U.S. Admiral Mike Mullen, chairman of the Joint Chiefs of Staff, said military budgets may be trimmed by as much as $1.1 trillion during the next 10 years if a congressional supercommittee fails to agree on a deficit reduction plan, leading to automatic cuts.
A cutback that large “has a chance of breaking us,” Mullen testified today before the Senate Armed Services Committee. That would impose a “heavy penalty on developing equipment” for the military, he said.
Mullen was referring to a potential $450 billion in Pentagon cuts in the next decade under the U.S. Budget Control Act and possibly another $500 billion in automatic cuts if the supercommittee fails to find $1.5 trillion in overall savings.
Mullen told the Business Executives for National Security today that the initial $450 billion in cuts would “only be a little over 9 percent a year from our baseline” and is achievable. “They will also be difficult to identify and execute,” he said.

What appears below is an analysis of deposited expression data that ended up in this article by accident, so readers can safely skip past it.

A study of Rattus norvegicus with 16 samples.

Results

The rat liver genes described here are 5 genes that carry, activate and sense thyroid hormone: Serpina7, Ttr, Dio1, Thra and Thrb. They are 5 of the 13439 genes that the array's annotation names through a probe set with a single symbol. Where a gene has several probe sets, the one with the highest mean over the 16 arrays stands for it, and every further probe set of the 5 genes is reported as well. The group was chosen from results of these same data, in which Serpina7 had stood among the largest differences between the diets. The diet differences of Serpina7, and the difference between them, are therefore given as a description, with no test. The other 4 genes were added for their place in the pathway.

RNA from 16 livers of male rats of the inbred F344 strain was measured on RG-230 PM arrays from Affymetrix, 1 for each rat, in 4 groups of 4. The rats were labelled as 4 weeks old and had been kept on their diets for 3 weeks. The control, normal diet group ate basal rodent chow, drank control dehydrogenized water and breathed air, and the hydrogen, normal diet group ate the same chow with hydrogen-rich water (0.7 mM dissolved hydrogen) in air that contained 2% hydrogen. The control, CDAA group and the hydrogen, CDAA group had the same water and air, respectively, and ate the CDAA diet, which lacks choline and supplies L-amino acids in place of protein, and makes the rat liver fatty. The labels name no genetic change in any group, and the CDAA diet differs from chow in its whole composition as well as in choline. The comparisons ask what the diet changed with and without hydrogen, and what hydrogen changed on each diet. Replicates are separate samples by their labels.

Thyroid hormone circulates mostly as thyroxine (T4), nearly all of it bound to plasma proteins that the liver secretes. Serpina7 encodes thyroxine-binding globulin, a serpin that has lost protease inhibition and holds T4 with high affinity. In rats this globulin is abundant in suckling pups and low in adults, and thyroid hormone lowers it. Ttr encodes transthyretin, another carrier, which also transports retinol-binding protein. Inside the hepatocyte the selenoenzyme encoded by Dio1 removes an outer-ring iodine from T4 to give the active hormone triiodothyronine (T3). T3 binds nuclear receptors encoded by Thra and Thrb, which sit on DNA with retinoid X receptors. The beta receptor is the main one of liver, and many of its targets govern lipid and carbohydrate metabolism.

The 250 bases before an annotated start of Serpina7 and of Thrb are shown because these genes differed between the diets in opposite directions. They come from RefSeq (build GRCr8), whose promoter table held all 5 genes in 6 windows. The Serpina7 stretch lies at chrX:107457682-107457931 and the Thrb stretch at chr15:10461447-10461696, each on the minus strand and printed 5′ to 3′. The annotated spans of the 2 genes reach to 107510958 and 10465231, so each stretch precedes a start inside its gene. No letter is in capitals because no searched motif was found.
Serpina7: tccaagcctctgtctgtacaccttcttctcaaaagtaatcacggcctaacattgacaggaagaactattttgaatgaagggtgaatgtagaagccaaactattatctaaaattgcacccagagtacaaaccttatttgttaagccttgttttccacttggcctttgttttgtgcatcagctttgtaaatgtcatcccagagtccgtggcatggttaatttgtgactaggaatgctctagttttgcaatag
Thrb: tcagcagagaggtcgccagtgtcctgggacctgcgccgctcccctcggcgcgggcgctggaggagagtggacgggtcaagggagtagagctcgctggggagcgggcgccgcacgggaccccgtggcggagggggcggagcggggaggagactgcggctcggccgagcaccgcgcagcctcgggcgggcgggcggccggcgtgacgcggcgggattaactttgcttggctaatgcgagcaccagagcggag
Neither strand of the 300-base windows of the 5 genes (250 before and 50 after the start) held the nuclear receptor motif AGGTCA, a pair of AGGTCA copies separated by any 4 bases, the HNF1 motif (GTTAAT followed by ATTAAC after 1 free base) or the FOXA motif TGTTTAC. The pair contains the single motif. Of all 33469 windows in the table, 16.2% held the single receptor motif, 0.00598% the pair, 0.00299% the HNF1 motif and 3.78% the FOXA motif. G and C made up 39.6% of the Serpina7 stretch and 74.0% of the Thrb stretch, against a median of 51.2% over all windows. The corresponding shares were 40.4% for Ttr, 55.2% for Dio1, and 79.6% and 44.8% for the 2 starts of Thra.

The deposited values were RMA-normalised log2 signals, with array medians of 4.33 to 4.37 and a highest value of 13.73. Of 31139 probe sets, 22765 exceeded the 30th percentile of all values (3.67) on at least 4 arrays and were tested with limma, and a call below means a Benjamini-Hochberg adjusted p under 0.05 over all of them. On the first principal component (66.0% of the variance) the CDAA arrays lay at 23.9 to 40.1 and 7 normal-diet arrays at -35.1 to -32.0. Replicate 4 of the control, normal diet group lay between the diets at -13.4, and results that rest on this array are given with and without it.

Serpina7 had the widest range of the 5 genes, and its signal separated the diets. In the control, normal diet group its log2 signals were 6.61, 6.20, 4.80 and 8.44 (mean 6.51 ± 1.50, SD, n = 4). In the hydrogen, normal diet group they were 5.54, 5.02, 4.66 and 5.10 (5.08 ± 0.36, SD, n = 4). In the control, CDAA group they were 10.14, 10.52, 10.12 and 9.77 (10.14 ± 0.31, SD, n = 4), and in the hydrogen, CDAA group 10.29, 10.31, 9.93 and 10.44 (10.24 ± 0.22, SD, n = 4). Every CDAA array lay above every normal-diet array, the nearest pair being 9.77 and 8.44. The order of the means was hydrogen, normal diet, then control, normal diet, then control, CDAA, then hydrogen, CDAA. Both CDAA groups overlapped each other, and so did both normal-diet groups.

Mullen said his concern the deeper cuts could be devastating to the military was based on emerging results of a Pentagon review of roles, missions and capabilities.
“The pieces for me are the state of force after 10 years of war and the security environment” that’s been informed by the “extensive work we’ve done” on what might be cut to achieve $450 billion in savings, Mullen said.
Those insights “give me a good look into what would happen if we doubled that,” he said. “Fundamentally, we’d have to change strategy -- not just ‘thin out’ what we are doing right now. It would cause dramatic force structure cuts.”
“We’d get a whole lot smaller very rapidly and the intangibles about who stays and goes, our ability to recruit, breaking faith with our people, all of that, from my perspective, combines to if you took a $1 trillion out of defense right now, I think it would break,” Mullen said.